Napa County supervisors decided Tuesday they needed more time to finish an appeal hearing involving the proposed Woolls Ranch Winery in the Mount Veeder area.
Supervisors spent more than one-and-a-half hours on the hearing, and had heard only from county staff, a water consultant and Woolls Ranch Winery representatives. The appellant and a couple dozen people in the audience wanted to speak.
At 12:15 p.m., with another afternoon meeting looming, supervisors agreed to continue the hearing. They quickly found setting a date when the entire board will be present to be a problem, with various supervisors scheduled to go to a California State Association of Counties meeting and a wine conference in Argentina and facing other commitments.
After a 15-minute discussion, supervisors decided to resume the hearing at 9 a.m. Nov. 22 – a Saturday. The meeting will be at the county’s south campus, 2741 Napa Valley Corporate Drive.
The Woolls Ranch Winery is to be located on 236 acres at 1032 Mount Veeder Road, near the intersection with Redwood Road. This is rugged terrain in the Mayacamas Mountains west of the city of Napa. The winery would be able to produce up to 50,000 gallons of wine annually and hold various events and tasting and tours by appointment.
Patricia Simpson filed an appeal of the Nov. 6, 2013 Planning Commission approval for the winery. That leaves the decision up to the county Board of Supervisors. The board previously continued the hearing on Feb. 25, May 20 and June 10 and a new groundwater study has been done.
Among several issues, Simpson’s appeal mentions that one of two springs that is used for residential water on her property ran dry. This happened after the Woolls Ranch drilled wells for 32 acres of vineyards, the appeal says.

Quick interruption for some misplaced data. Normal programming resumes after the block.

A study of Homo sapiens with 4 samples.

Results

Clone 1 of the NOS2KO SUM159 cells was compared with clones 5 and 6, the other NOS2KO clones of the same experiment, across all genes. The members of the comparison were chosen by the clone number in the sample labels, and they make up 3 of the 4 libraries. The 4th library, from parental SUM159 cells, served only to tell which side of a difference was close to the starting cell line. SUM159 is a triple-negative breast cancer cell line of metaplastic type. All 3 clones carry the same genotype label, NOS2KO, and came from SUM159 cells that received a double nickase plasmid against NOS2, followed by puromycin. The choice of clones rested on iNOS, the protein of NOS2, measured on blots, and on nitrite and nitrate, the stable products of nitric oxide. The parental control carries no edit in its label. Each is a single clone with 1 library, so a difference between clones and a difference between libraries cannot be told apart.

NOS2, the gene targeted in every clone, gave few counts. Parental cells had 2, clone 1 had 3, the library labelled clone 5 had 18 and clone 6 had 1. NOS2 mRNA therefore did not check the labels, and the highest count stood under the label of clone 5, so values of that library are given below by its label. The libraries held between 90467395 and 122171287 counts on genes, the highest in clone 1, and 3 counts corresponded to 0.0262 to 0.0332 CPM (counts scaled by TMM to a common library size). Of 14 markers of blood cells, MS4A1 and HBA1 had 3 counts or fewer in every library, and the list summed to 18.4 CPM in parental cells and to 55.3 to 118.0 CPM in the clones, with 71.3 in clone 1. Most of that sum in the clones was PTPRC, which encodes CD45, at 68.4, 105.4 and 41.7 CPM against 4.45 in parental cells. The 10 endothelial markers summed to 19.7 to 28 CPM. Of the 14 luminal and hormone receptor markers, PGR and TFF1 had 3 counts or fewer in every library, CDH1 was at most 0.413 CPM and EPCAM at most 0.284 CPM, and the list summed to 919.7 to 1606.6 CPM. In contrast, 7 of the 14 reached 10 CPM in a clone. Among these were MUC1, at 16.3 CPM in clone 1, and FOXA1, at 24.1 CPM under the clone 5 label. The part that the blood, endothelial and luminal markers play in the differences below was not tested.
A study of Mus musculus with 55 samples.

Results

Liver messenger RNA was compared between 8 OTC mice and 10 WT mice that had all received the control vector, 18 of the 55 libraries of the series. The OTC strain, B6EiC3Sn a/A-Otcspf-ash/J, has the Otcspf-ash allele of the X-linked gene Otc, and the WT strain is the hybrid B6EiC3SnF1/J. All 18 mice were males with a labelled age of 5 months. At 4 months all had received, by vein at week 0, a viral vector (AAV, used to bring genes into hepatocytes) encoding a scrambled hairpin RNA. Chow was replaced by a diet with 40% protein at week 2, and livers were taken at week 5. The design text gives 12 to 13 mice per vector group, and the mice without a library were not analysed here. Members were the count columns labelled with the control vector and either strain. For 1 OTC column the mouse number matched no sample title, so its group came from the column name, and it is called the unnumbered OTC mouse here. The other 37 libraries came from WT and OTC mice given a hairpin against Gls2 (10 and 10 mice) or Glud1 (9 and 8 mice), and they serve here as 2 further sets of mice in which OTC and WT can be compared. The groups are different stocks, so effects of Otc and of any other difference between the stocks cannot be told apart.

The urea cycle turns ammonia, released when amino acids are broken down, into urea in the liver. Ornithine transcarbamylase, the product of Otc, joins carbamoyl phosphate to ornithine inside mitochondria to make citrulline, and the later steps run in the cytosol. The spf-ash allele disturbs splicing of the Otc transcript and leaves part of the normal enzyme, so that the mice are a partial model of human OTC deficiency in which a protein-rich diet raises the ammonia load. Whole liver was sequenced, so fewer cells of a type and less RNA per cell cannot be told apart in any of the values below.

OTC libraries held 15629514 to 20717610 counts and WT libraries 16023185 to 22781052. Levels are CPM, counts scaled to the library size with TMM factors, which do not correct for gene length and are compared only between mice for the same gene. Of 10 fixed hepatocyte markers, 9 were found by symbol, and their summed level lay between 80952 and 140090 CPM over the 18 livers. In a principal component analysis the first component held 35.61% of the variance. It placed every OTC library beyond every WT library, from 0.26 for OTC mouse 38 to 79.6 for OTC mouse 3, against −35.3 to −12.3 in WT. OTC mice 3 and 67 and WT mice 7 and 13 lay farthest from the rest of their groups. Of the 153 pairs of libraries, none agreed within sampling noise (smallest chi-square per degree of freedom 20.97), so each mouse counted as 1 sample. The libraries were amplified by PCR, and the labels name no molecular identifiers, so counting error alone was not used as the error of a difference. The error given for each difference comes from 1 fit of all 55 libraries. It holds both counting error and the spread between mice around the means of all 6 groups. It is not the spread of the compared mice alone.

During Tuesday’s abbreviated hearing, supervisors heard about the new water study completed in August by consultant Luhdorff & Scalmanini. This study finds that the overall groundwater supply on the property is adequate to support the winery and existing uses. It also recommends monitoring and other steps to address some possible, isolated water problems.
Paul Woolls addressed the board with his wife, Betty, standing nearby. The Woolls own the O’Shaughnessy Estate Winery on Howell Mountain east of St. Helena.
He wants to make Mount Veeder wines on Mount Veeder so he doesn’t have to move grapes, he said. He has tried to address neighbors’ concerns, he said.
“We’re trying to create an asset to the valley and make the valley a better place,” he said.
Among the proposal’s critics is the Mount Veeder Stewardship Council. In a letter, the group said the proposed winery would have too many visitors, have an unsafe driveway and have well water with substandard water quality that wouldn’t support healthy vine growth.
The council also brought up the issue of cumulative impacts of area wineries on traffic, water, air quality and quality of life.
“At what point does the county reach a level of saturation of wineries?” said the letter by council President Gary Margadant.
Woolls acknowledged his project has detractors, among them the Mount Veeder Stewardship Council.
“The Stewardship Council, I think, has become a neighbor that says ‘no’ to everything,” Woolls told the supervisors.
When the hearing resumes on Nov. 22, project opponents will have their chance to address the Supervisors.